In between stuffing my face while judging for the North East Wales Year of the Sea Food Challenge recently, I also found time to explore some of the most popular things to do in Wrexham. The largest town in North Wales, Wrexham is nestled between the Welsh mountains and the lower Dee Valley, next to the English border. The lush landscapes make this a lovely part of Wales to visit, while the rich Welsh culture and heritage inherent in the region mean you’ll never be short of places to explore during your stay.
During my time in Wrexham, I stayed at the lovely Ramada Plaza Hotel. Situated just off the A483 (the main dual carriageway past Wrexham), this hotel was really easy to find once I arrived in Wrexham, and it was conveniently located around a 15-minute drive away from most of the attractions and restaurants I wanted to visit. My room was contemporary, spacious and spotlessly clean, with a soft-as-a-cloud kingsize bed and luxurious ocean-inspired toiletries.
Top things to do in Wrexham
Here are my favourite things to see and do while in Wrexham:
Explore Wrexham’s historic town centre
Spend a few hours strolling around Wrexham town centre and you might spot something that takes your fancy in one of the high street shops, or perhaps discover a few local landmarks. Wrexham town centre is home to several sites of cultural importance, including the General Market, the Butcher’s Market, the Horse and Jockey pub, and the Wrexham Lager Brewery.
If you get tired, stop off at one of Wrexham’s best restaurants to refuel with a bite to eat. If you’re keeping it local, The Fat Boar serves comfort food at its finest, but if you fancy a short drive, head to The Royal Oak in nearby Bangor on Dee, or Gales of Llangollen – said to be the oldest wine bar in Wales.
Admire St. Giles Parish Church
We came across St. Giles Parish Church when we were exploring Wrexham town centre, and even though we’re not religious, it was so beautiful that we just couldn’t resist going inside for a look around.
Built between the end of the 15th century and early 16th century, this is the oldest medieval parish church in Wales. It’s 135-ft high steeple tower is one of the Seven Wonders of Wales and during the summer months, you can even climb it (although I’m not sure I’d want to!)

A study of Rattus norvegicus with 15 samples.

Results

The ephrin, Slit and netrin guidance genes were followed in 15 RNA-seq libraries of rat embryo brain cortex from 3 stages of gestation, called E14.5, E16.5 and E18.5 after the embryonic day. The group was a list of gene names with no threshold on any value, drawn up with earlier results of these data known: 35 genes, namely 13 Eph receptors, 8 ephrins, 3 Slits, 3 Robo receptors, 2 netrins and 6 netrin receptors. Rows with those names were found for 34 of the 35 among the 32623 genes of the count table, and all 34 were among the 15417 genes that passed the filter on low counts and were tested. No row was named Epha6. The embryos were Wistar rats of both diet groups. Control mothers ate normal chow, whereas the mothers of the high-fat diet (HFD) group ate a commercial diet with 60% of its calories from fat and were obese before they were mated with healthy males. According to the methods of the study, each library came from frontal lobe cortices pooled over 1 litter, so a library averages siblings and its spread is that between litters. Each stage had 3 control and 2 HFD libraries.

Cross Pontcysyllte Aqueduct
Pontcysyllte Aqueduct has to be my favourite of all the things to do in Wrexham. This UNESCO World Heritage Site designed by Thomas Telford features a 39-metre high aqueduct complete with a public footpath, making it the tallest navigable aqueduct in the world.
You can cross Pontcysyllte Aqueduct on a canal boat in a 45-minute return journey, but if you’re feeling particularly brave, you can walk across. I’ve even seen photos of people paddle-boarding across it! Just don’t look down – it’s quite the drop! The public footpath is currently closed for improvements and the boats only run from March until October, so I didn’t manage to cross the aqueduct myself, but I was able to walk around 50 yards down the path to get some photos of the picturesque views and snap a few sneaky selfies!
Looking at these pictures, you can see why Pontcysyllte Aqueduct is often referred to as the ‘stream in the sky’!
Explore Chirk Castle
After visiting Pontcysyllte Aqueduct, we drove on for another ten minutes or so until we reached nearby Chirk Castle. A grade I-listed building owned by the National Trust, Chirk Castle was built by Roger Mortimer de Chirk in the 13th century under the instruction of Edward I; one of several medieval Marcher fortresses built on the Welsh-English border to keep the Welsh under English rule.
By the time we arrived at Chirk Castle, it was around 4pm on a Sunday afternoon, so we were too late to look inside the building or explore the 5.5 acres of beautiful gardens, but we wandered around the estate and took some photos of the castle exterior.
Visit Erddig Hall
Another National Trust property, Erddig Hall was built sometime between 1684 and 1687 for Josiah Edisbury, the High Sheriff of Denbighshire. This stately family home features an 18th century walled garden complete with breath-taking water features, idylillic landscaped gardens, stables housing horses and donkeys, and plenty of family-friendly activities, spaces and eating areas.
We didn’t have time to fit a visit to Erddig Hall in during our stay, but it’s firmly on my radar for my next visit to Wrexham.
What would you enjoy about these things to do in Wrexham? Have you ever visited this part of Wales before?